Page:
Alumni Spotlight: Korakrit Arunanondchai '12
The Alumni Spotlight is a place to hear from the School of the Arts alumni community about their journeys as artists and creators.
Korakrit Arunanondchai '12 (b. 1986, Thailand) lives and works in New York & Bangkok. The artist’s multi-layered practice – which includes film-making, painting, installation and performance – reflects on technology and spirituality, the accumulation of data, the fragility of memory and the interfaces between world history and personal experience, and the Anthropocene. Paintings in Arunanondchai’s universe never go alone: they are autonomous objects, but they belong in relation – physical and spiritual – to everything else. Arunanondchai’s solo exhibitions include MoMA PS1, NY; Secession, Vienna; Palais de Tokyo, Paris, UCCA, Beijing and Museu Serralves, Portugal. His work has been included at Venice Biennale, Whitney Biennale, Dhaka Art Summit and will be included in the 2021 Gwangju Biennale.
Was there a specific faculty member or peer who especially inspired you while at the School of the Arts? If so, who and how?
It’s hard for me to highlight one faculty member since they were all so important to me. I felt I had a really close relationship with many of them, even after graduating. In my second year of graduate school I had Fia Backstörm for the critical issues class and it was so formative to my thinking about my practice.
How did attending the School of the Arts impact your work and career as an artist?
I think attending the School of the Arts started off my career. It gave me a visa to stay in the USA first of all and put me with a few connecting dots that led me later on to start my art career. In my undergraduate education, I learned to envision what a life as a fine artist would be and at the Columbia MFA program, I was able to explore and build my practice. So much of what I do now in my work, 10 years after starting at Columbia, completely grew out of what I was doing and what I learnt there.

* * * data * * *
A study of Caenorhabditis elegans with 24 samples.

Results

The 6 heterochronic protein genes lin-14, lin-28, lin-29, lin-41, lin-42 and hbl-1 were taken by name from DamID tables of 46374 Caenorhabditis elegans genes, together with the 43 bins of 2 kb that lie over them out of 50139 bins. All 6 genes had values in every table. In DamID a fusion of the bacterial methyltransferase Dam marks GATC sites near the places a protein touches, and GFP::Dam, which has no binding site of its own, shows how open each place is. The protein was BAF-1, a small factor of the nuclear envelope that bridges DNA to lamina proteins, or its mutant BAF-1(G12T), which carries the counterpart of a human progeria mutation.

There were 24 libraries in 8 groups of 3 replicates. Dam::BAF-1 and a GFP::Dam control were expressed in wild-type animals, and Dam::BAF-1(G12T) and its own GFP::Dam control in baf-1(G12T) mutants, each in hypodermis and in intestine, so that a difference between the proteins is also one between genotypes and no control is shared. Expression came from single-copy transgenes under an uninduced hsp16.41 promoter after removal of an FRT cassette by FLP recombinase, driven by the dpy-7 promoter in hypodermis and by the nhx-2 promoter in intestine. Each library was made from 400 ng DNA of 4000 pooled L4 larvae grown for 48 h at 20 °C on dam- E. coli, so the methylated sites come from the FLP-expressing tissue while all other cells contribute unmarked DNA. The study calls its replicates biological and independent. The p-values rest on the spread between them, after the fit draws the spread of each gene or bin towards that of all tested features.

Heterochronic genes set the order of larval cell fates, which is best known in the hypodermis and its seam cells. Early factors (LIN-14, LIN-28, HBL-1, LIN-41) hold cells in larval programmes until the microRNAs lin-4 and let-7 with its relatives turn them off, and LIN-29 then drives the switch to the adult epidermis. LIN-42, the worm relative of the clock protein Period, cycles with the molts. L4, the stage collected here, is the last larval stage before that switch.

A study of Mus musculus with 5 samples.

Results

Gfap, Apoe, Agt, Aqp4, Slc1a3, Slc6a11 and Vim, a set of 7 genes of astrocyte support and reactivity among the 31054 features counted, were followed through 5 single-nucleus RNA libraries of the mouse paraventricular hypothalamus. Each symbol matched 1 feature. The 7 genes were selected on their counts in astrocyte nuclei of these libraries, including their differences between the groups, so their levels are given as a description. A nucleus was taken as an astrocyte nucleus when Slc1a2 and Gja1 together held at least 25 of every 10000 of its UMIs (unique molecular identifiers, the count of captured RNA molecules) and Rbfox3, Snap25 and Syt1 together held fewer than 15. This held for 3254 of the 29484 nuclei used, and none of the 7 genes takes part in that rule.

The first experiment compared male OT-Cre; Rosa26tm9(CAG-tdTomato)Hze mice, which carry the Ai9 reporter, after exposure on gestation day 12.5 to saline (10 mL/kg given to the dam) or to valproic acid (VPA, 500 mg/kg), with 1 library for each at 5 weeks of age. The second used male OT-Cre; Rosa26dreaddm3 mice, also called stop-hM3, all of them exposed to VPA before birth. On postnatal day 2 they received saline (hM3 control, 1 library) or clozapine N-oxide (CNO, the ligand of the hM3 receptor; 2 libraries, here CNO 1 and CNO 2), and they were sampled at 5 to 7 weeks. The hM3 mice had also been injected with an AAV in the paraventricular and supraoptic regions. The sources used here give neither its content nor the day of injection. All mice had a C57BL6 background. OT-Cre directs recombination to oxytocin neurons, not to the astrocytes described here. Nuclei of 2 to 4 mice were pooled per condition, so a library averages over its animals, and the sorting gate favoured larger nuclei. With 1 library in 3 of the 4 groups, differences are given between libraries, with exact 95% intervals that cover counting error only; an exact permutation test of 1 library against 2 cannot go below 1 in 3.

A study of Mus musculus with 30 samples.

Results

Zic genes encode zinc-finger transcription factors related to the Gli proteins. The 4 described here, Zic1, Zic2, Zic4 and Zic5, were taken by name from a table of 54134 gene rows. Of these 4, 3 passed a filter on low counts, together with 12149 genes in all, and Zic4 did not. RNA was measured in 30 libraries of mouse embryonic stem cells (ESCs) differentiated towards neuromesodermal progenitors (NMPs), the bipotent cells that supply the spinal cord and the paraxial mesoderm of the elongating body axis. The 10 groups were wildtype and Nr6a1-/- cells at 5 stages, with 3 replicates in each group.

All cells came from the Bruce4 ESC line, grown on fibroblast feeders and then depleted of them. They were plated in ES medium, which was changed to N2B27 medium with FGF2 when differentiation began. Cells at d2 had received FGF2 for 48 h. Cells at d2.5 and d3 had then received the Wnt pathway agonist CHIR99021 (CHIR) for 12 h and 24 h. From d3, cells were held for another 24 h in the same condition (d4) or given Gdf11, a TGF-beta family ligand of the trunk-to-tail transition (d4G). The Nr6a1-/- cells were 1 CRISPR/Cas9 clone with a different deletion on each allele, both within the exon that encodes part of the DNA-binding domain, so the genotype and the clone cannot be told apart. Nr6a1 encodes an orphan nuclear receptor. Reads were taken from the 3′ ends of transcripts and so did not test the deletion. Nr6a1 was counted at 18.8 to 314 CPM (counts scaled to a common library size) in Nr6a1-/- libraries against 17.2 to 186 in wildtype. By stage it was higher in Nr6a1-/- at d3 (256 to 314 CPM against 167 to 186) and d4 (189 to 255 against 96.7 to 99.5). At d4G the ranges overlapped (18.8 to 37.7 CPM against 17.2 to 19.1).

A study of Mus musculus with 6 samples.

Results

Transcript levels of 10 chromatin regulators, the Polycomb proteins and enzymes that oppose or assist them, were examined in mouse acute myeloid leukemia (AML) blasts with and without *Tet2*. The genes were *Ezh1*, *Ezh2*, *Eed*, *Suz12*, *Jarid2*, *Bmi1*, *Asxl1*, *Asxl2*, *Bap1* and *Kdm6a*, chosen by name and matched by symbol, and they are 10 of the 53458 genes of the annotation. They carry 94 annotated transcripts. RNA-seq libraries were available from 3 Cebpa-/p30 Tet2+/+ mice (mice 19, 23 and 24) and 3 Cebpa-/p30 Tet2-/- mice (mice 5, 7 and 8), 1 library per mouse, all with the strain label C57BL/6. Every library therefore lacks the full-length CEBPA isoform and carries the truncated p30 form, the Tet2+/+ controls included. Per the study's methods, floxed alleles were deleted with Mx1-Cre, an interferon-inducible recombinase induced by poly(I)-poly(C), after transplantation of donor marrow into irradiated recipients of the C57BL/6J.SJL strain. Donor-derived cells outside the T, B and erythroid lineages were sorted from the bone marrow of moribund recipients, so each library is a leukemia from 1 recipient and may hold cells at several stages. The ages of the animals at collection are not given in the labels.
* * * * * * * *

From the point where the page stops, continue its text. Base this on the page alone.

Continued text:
What were the most pressing social/political issues on the minds of the students when you were here?
I went to Columbia from 2010-2012, during the same time Occupy Wallstreet was happening, so the conversation really centered around the idea of the exploitation and devastation that is the effect of neoliberal systems and politics. It was the center around many of the conversations we were having around our work. Prentice, the building the MFA program is in is also on 125 street across from the upward expansion of Columbia University, so there were a lot of conversations around gentrification, displacement and eminent domain as well. It was quite a political program. It took me a while to catch up at first but it was so important to be in a program that is critical of all these issues.
What was your favorite or most memorable class while at the School of the Arts?
Group Critique. Nothing like it outside an MFA program.
What were the first steps you took after graduating?
I went to a residency called Skowhegan. Right after, I got a job working for another artist and got a small studio to make work. After around 6 months, I showed work in an art fair in Miami and then had an offer for a solo show in a gallery In Brooklyn. I’ve been a full-time artist since then.
What advice would you give to recent graduates?
Find a way to be happy with what you're doing while still being in dialogues with the peers that you respect. Try to see a way you can continue your practice onwards ideally forever without that mindset.